Sunday, June 12, 2011

Why is reading code so hard?

We've all been there.  Faced with lines and lines of code, written by an intern, a programmer long gone, or a vendor with whom you do not have a support contract.

Code can be quite hard to read.  Why is that?

Without looking at the language or frameworks used, some of which are easier to read than others, there are other, more human factors that make it had to puzzle out what code does.  I'm not talking about how the code was written, but how we attempt to read it.

1. Reading code usually involves two actions: identifying what the code does, and what it was actually meant to do.

When we approach code, it's rarely because we're just curious; we usually want to fix bugs or improve it.  We must know what the code does, but for the structure and implementation of the code to make sense, we have to figure out what the programmer intended to do.  It's usually easier to figure out the intent first, then work out the discrepancies - where we think the code doesn't do what it was meant to.

This can be particularly hard when we have to look at code that was edited multiple times, by multiple people with different approaches.  Then, it's more of an archeological expedition.  That's the situation that can lead to some pretty ugly or silly code.  I remember looking at code once that, I can only imagine, was the product of too many edits:

if (someCondition == true) {
  myVar = false;
} else {
  myVar = false;

2. We're talking too loud, and not listening enough

When we see code like the one above, we laugh, we point, and our opinion of the code (and the programmer(s)) goes down.  We start generalizing and thinking the worse.  How can code with that in it be any good?  And what were they thinking?  who would wrote such poor code?

And that's when we start losing faith in the code.  Our disdain takes over, and our ears close.  We see some odd code, and instead of genuinely asking "what were they trying to do here?", we throw our hands in the air and sigh, "what were they trying to do here!"

If you want to understand the code, you must listen to what the previous programmers were trying to say.  Withhold judgement, open your eyes, your mind, and assume they were trying to accomplish something.  They may even have something to teach you about how to solve problems, about the business, or about the history of the code.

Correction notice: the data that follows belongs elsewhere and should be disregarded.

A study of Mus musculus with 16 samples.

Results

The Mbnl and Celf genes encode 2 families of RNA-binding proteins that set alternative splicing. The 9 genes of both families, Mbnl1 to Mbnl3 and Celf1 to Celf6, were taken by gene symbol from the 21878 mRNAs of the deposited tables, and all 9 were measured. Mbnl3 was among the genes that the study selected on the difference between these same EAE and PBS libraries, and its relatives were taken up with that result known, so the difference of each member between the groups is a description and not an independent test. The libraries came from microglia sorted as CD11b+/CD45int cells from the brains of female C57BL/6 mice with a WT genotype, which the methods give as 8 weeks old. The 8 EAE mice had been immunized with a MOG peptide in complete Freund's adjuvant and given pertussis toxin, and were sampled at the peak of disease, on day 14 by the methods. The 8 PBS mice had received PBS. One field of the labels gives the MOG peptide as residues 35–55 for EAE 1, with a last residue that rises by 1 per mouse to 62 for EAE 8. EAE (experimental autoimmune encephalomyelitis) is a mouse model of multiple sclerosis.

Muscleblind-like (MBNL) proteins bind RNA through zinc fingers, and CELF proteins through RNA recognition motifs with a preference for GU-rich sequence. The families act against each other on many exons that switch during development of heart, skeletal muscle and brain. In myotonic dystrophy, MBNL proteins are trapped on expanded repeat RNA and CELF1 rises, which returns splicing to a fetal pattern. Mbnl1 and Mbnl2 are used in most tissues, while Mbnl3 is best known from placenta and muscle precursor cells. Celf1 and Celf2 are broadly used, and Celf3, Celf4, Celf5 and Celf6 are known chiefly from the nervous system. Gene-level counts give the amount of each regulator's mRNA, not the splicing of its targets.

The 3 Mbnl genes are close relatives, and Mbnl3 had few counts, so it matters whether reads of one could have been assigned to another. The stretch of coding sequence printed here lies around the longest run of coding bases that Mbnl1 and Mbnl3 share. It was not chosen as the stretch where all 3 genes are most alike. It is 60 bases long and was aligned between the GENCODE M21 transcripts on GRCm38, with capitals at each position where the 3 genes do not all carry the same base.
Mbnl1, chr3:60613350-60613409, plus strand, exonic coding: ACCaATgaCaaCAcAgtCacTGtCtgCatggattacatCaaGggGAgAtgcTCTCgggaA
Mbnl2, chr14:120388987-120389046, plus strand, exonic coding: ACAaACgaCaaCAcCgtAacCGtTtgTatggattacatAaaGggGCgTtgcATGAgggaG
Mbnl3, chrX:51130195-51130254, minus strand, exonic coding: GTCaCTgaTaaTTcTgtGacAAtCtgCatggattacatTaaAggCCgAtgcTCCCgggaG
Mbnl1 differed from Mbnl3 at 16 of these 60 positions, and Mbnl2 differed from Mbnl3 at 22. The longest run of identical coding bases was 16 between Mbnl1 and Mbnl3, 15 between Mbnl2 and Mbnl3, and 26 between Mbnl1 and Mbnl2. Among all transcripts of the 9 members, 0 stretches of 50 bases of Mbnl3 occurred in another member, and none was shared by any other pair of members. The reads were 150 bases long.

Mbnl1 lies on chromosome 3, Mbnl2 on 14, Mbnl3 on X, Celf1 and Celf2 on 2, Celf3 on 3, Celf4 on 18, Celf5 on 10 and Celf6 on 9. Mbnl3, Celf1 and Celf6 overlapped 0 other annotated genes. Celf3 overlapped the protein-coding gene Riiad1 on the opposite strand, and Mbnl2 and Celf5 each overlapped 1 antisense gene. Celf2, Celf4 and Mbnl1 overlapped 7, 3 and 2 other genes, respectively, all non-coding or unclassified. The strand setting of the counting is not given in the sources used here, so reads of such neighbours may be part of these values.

3. It's not written how we think

If you've ever written in perl, (and even if you haven't) you know that there's more than one way to accomplish a task.  Sometimes, it's a simple syntax tweak, but sometimes it's a whole approach.  For example, if I were to put an apple and an orange on the table and ask you to describe what you see, would you start with "I see two fruits" or "there's an apple and an orange"?  Depending on your answer, chances are you approach problems differently.

The code may use programming techniques we're unfamiliar with (using functions as parameters, patterns, functional programming).  Unfortunately, if we're unfamiliar with the technique, we're unlikely to recognize it it the wild, unless the programmer was kind enough to leave comments about it.  This is where experience and breadth of knowledge will come handy.  Keep up to date with developments in the field.

4. We lose track

Not all code is nicely packaged, modular and cohesive.  More often than not, we start reading code in one spot, only to realize we need to find out what a function does in another file or module.  We leave the code here, investigate the code there, which takes us to another module,... and by the time we get back to the original spot, we've totally forgotten what we were reading or trying to do.å

Take notes.  Draw pictures.  Use your IDE to find relations between code, where functions are called from.  I find printing code is, unfortunately for the trees, helpful, as I then remember not only the code, but where the code is on the page; and I scribble all over the paper in various colours.

What can we do about it?
  • Try to find out what the programmer wanted to do
  • Then see if the code does it
  • Keep an open mind - don't let your prejudice get in the way
  • Learn new (to you) techniques and patterns
  • When you code, try to see more than one way to solve the problem; maybe next time you try to read someone's code, they'll have used your second or third choice, and you'll recognize it more easily
  • Try to remember code you've written, before you were perfectly fluent in a new language, or when you were too rushed to go back and fix some readability issue.  Maybe there's someone reading that code now; treat the code in front of you as you would have others treat yours.

Why do you think reading code is so hard? what helps you?